Please, do not hamper a young bird's life by picking it up, and taking it home with you. It is calling its parents to help them in locating it.
After fledgling from the nest, the parent birds will keep feeding it, and look out for it, until it will be able to look after itself.
And the reason you cannot see a parent is because of your own proxomity to the young bird. And while you are ebating if or not you should take the bird home, you keep the parent from giving it well needed nutrition in the form of a meal!


The photos on this blog are all taken by me. If there is any picture you might want to use for any other than personal use, please drop me a line to the email address shown in the sidebar on the right.

Monday, June 20, 2011

youngsters and feeders

After the demise of the Fennel and her planter, the Fatsia underwent a hard time during the winter, providing the birds with a birdtable in her tub. The Fatsia is flourishing again, now that the birds are leaving her alone.
I had been sourcing the web for a new window feeder, but in the end I got this one for just 3.30 euro via Kleeneze.
I had to remove the round peanutfeeder, once I discovered that the birds were able to take out whole peanuts through the wider openings in the mesh. As spring and summer were approaching, young birds could easily choke on those whole nuts. So the seed feeder in the front has now moved back onto the shed and my trusty old peanutfeeder has been reinstalled again in the front.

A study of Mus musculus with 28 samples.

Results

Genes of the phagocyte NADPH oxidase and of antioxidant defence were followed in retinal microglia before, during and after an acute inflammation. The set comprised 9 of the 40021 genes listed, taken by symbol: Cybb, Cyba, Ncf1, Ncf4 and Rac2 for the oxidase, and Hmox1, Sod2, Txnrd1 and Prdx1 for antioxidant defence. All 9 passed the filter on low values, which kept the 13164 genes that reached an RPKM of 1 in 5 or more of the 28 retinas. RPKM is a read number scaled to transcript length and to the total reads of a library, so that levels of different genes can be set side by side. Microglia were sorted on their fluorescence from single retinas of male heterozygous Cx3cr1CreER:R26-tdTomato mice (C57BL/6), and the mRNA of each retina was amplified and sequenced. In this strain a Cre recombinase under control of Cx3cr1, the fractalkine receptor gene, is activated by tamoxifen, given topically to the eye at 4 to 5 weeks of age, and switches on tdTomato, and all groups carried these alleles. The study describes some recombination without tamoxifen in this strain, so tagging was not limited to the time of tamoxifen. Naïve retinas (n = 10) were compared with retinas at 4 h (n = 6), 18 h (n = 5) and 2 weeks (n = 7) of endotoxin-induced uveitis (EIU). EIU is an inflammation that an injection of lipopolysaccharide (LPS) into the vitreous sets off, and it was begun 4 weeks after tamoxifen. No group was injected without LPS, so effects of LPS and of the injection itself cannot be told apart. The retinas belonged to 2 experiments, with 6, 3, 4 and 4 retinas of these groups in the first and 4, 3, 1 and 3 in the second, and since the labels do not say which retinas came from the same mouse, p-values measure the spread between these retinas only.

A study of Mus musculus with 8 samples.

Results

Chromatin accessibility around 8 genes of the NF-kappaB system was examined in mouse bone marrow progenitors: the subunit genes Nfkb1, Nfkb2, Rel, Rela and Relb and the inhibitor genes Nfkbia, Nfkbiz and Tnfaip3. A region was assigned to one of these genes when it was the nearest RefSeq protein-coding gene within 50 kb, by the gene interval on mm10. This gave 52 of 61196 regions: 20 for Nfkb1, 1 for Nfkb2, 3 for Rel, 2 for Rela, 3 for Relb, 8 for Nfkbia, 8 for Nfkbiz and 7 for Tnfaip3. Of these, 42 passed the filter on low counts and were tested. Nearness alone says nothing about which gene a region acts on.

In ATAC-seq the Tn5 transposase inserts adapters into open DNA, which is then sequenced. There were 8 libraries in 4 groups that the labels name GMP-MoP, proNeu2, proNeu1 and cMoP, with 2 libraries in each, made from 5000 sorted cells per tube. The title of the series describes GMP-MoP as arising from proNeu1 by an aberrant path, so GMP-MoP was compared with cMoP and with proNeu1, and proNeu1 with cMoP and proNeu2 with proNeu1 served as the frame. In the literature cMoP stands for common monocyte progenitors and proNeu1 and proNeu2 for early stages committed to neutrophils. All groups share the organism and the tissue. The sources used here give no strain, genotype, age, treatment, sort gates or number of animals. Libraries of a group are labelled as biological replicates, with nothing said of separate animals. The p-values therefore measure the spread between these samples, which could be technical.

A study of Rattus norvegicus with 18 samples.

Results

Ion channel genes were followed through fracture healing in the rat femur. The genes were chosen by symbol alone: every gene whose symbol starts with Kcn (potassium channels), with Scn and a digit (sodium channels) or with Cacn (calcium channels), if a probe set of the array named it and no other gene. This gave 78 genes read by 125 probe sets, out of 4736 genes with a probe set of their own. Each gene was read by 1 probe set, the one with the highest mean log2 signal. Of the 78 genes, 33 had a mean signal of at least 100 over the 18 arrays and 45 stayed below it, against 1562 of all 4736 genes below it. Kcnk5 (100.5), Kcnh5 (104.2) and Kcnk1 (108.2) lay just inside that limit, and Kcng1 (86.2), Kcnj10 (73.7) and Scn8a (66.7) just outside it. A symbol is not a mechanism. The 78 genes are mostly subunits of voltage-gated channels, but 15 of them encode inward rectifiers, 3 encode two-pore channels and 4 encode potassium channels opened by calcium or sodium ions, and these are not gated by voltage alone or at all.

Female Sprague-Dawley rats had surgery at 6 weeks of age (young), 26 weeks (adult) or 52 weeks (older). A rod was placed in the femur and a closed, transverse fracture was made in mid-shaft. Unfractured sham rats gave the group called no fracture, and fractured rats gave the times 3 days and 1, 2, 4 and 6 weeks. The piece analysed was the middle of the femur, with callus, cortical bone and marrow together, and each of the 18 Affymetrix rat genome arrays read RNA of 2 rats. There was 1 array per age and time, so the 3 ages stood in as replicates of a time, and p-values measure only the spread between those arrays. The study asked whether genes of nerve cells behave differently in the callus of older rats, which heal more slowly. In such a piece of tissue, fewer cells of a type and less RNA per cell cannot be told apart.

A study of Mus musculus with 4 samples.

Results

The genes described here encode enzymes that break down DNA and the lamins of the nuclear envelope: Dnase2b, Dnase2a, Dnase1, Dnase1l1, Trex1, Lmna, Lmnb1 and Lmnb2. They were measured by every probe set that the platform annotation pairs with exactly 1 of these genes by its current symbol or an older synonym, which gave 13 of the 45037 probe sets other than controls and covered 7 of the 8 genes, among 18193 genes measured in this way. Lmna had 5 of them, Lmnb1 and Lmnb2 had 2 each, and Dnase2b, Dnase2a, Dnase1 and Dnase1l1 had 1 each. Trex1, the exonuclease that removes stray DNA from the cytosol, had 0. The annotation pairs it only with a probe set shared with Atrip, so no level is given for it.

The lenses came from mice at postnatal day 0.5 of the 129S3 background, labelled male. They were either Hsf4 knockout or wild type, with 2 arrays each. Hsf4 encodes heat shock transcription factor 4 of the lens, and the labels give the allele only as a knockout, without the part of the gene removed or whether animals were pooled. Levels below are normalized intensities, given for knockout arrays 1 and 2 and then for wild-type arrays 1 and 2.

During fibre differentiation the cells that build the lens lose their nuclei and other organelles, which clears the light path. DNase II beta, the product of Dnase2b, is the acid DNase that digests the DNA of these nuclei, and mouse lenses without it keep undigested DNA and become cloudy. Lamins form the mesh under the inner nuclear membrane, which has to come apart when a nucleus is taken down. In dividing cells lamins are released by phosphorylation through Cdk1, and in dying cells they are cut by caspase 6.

House Sparrow, Passer domesticus

This youngster has been dubbed Francy, named after my dear, and late husband, Francis. He would have loved this little one.

Robin, Erithacus rubecula.

This Robin chick appeared one day in the garden when I was outside and had no fear of me, nor my wheels. He was sitting on top of the wall, calling for mum and dad, while I was just a metre or so away. Even the lifting of the camera or the shutter noise did not scare it off, to my surprise! Mind you, it was very windy.

Collared Dove, Streptopelia decaocto

The pair of Collared Doves have now increased into a trio of Doves.

Dunnock, Prunella modularis

Blue Tit, Parus caeruleus

Jackdaw, Corvus monedula
Strangely enough, we don't have any young Jackdaws yet. I love their fluffers, and to follow the changes in their eye colour, their plumage and to see the characters develop, so hopefully they will still manage to surprise me with one of those lovely brown fledglings.